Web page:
Early Garden Prep: Part II

Wow, remember several months ago when I did a "Part I" post about seedlings?  And then there was never a Part II?  My bad.  I'm sure you're all just itching for an update on those little buggers.

To recap: we had our baby plant beds all set up and ready to start growing.  Next step: BABY LEAVES!  Or, to be scientific: cotyledons.  And let's be scientific, because these are not actually leaves, but are part of the seed that acts as a food source as the plant begins to grow.  During this phase, the plant is not using photosynthesis, so if you are keeping your bins in a dark place, there's no emergency to get them into the sunlight just yet.  Do continue to keep the soil moist, by either gentle watering or spray bottle.

As you can see, many of these cotyledons look very similar from plant to plant, so this is where those plant labels come in handy.  Soon, however, you will begin to see the first leaves of each plant, which will start to look quite similar to their final leaves.  NOW your plants are photosynthesizing all by themselves and can be moved into the sunlight.  *tear*  They grow up so fast...

Tomatoes! So cute and fuzzy on their little baby stems!

Tomatoes! So cute and fuzzy on their little baby stems!

Fennel starting to look like fennel.

Fennel starting to look like fennel.

Cabbage starting to look ..... kind of cabbage-y?

Cabbage starting to look ..... kind of cabbage-y?

Unfortunately, during our move into the new house, these plant babies were disastrously neglected and stopped thriving.  Luckily, one of our neighbors has a little greenhouse (of course she does,  because our block is fully self-sufficient) and offered to let me put the plants in there.  This was a great lesson, too, because it taught me how much everyone looks out for each other in this neighborhood.  I stopped by the greenhouse after a run one day, and a few minutes later my neighbor came outside laughing, saying he had just gotten a text from another neighbor that "there was some runner chick in the greenhouse."  We got each others' backs down here, man!

Nice and toasty in the greenhouse!

Nice and toasty in the greenhouse!

Once the plants grew a bit more in the greenhouse, I transplanted them into slightly larger containers.  It became clear that they probably stalled for a lot of reasons, including the fact that they should have been moved to larger containers earlier in their lives.  You can see in the photo below that their root systems had gone haywire searching for more space.  Poor little things.  I'll do better next year, I promise!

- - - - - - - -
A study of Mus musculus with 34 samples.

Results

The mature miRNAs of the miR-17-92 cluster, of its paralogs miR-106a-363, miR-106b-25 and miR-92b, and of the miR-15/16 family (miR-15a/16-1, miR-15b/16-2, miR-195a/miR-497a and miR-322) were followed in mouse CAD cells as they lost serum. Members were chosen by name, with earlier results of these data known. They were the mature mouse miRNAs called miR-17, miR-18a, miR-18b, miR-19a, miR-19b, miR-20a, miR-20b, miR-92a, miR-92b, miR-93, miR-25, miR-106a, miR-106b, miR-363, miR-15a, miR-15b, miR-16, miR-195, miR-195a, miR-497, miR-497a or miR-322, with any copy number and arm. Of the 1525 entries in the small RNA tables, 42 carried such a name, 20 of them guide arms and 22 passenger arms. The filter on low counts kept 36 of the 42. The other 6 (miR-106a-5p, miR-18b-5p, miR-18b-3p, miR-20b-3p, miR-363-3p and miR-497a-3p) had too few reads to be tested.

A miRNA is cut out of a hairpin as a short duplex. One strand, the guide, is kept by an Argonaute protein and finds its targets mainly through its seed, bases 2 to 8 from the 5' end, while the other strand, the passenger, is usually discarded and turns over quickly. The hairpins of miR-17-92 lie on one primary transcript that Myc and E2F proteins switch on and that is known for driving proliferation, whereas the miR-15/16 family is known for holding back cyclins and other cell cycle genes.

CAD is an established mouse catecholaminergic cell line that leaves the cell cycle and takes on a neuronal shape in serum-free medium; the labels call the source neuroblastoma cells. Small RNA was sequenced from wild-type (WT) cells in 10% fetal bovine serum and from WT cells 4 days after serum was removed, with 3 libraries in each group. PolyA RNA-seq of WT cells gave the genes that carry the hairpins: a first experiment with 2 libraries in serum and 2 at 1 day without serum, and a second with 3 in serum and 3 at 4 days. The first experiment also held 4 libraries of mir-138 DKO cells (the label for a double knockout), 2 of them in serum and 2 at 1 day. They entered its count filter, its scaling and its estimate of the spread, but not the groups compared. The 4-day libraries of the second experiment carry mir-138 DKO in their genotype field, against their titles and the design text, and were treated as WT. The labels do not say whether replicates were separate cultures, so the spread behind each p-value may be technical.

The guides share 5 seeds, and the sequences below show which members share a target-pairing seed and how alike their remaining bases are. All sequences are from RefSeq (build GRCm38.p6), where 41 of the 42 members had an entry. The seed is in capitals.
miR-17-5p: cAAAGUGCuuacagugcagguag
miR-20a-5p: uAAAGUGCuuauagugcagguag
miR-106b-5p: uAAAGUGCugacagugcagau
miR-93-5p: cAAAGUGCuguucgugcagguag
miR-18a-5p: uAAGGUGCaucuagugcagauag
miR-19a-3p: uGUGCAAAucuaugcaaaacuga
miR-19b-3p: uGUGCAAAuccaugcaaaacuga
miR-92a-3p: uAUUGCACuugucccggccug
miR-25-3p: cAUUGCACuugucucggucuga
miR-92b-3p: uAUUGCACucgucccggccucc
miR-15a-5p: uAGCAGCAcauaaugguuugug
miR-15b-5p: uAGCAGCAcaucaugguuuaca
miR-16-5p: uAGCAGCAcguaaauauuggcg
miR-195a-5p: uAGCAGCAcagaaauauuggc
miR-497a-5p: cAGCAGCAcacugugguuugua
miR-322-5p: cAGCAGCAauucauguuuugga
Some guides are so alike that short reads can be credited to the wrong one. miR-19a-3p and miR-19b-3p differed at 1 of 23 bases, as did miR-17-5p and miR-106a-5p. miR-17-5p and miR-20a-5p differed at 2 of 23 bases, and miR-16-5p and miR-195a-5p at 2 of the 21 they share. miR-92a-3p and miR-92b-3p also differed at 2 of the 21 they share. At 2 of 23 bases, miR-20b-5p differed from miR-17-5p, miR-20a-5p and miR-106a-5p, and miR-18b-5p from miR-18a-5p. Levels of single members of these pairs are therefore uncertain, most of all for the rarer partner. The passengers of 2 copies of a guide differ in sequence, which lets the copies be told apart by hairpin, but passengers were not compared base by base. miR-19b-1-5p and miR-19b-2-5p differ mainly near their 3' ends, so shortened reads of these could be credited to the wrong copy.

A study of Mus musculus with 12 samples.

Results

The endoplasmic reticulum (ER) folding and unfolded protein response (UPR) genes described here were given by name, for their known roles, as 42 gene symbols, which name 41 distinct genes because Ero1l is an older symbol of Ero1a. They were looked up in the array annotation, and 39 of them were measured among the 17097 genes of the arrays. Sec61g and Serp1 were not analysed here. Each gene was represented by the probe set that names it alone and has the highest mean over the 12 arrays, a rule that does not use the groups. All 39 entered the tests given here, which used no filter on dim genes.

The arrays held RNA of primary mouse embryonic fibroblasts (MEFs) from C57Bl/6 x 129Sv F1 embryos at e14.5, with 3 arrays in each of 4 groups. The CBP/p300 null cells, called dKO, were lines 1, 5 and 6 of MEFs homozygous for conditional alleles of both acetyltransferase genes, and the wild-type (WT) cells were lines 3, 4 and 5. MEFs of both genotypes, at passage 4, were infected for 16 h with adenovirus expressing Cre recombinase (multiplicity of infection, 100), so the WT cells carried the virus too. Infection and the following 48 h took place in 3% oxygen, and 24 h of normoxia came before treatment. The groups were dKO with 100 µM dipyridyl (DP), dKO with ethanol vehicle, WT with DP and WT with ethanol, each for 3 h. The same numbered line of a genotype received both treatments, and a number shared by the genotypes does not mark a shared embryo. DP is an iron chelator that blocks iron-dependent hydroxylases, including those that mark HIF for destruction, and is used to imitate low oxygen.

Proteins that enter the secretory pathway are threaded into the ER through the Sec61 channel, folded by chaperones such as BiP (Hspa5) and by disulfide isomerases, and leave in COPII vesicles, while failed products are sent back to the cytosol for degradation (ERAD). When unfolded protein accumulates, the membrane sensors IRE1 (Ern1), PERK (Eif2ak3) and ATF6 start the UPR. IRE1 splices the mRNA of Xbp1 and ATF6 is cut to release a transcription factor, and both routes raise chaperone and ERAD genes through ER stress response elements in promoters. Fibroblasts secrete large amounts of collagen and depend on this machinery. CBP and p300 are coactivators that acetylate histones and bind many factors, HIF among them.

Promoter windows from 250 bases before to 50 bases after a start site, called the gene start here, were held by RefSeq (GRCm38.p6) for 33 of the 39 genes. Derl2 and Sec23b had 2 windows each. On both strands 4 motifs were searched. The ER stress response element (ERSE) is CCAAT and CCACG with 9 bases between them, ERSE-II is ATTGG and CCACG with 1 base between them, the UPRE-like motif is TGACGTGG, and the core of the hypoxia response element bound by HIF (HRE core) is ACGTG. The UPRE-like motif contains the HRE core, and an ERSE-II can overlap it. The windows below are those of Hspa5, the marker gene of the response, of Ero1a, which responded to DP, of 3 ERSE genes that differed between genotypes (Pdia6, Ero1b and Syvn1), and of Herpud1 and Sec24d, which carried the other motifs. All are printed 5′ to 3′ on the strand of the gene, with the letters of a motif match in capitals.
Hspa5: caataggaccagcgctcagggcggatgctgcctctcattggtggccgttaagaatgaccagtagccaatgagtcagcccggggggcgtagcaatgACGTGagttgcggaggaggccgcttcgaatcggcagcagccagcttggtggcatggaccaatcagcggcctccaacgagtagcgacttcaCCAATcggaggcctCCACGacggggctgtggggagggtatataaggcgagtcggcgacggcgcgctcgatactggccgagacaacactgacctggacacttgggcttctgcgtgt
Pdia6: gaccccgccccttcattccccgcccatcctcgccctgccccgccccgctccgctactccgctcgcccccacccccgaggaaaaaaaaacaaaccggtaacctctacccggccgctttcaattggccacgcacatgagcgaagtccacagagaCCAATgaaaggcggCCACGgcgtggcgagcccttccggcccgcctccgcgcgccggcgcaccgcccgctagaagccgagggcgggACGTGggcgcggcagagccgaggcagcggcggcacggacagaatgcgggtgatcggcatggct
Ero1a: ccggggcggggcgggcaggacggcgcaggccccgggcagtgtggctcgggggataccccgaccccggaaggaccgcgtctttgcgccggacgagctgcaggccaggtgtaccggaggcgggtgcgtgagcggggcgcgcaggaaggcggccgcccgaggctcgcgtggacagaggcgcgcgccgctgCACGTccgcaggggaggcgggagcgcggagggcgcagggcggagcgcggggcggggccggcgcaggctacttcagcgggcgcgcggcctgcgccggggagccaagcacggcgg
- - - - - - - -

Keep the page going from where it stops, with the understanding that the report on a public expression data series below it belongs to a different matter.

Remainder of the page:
Roots trying to find their way to more growing space.  The pink flamingo disapproves.

Roots trying to find their way to more growing space.  The pink flamingo disapproves.

Soon after, each of these little stems grew second and third sets of true leaves, and this, my friends, is where things get a bit cut-throat.  Your plants are now getting to the age where they need to be transplanted to bigger and better beds, and from now on... only the strong will survive.

In most of these cells, I planted two to three seeds in the hopes that at least one would germinate.  And in most cases, it worked - I now had one or two (or sometimes three) tiny plants per growing cell.  Unfortunately, this is not the best way to transplant them into the big, bad world in order for them to be the most successful adult plants they can be.  *Sigh*  We now must kill some of our babies.  

Pour yourself a glass of local pain-numbing beverage, work up your courage, and then pinch or carefully pull out the weaker-looking seedling in each cell.  Send it back to the earth from whence it came.

Mama's so sorry!! *sobbing noises* *gulping wine*

Mama's so sorry!! *sobbing noises* *gulping wine*

Once you are past the frost date, you can prep the plants to go outside.  So now, after murdering their brothers and sisters in front of them, you must harden these little guys to live outside.  It's like the Hunger Games, except it's you who is hungry, not the Tributes (too nerdy?  ...Nah.).  Place the seedlings outside in direct sun and wind for a few hours each day, slowly increasing that amount of time for about 7 to 10 days.

After this tough love sesh, your now toddler-aged plants are ready for their new spots in the garden or planter.  Plant away, water regularly, and enjoy your veggies!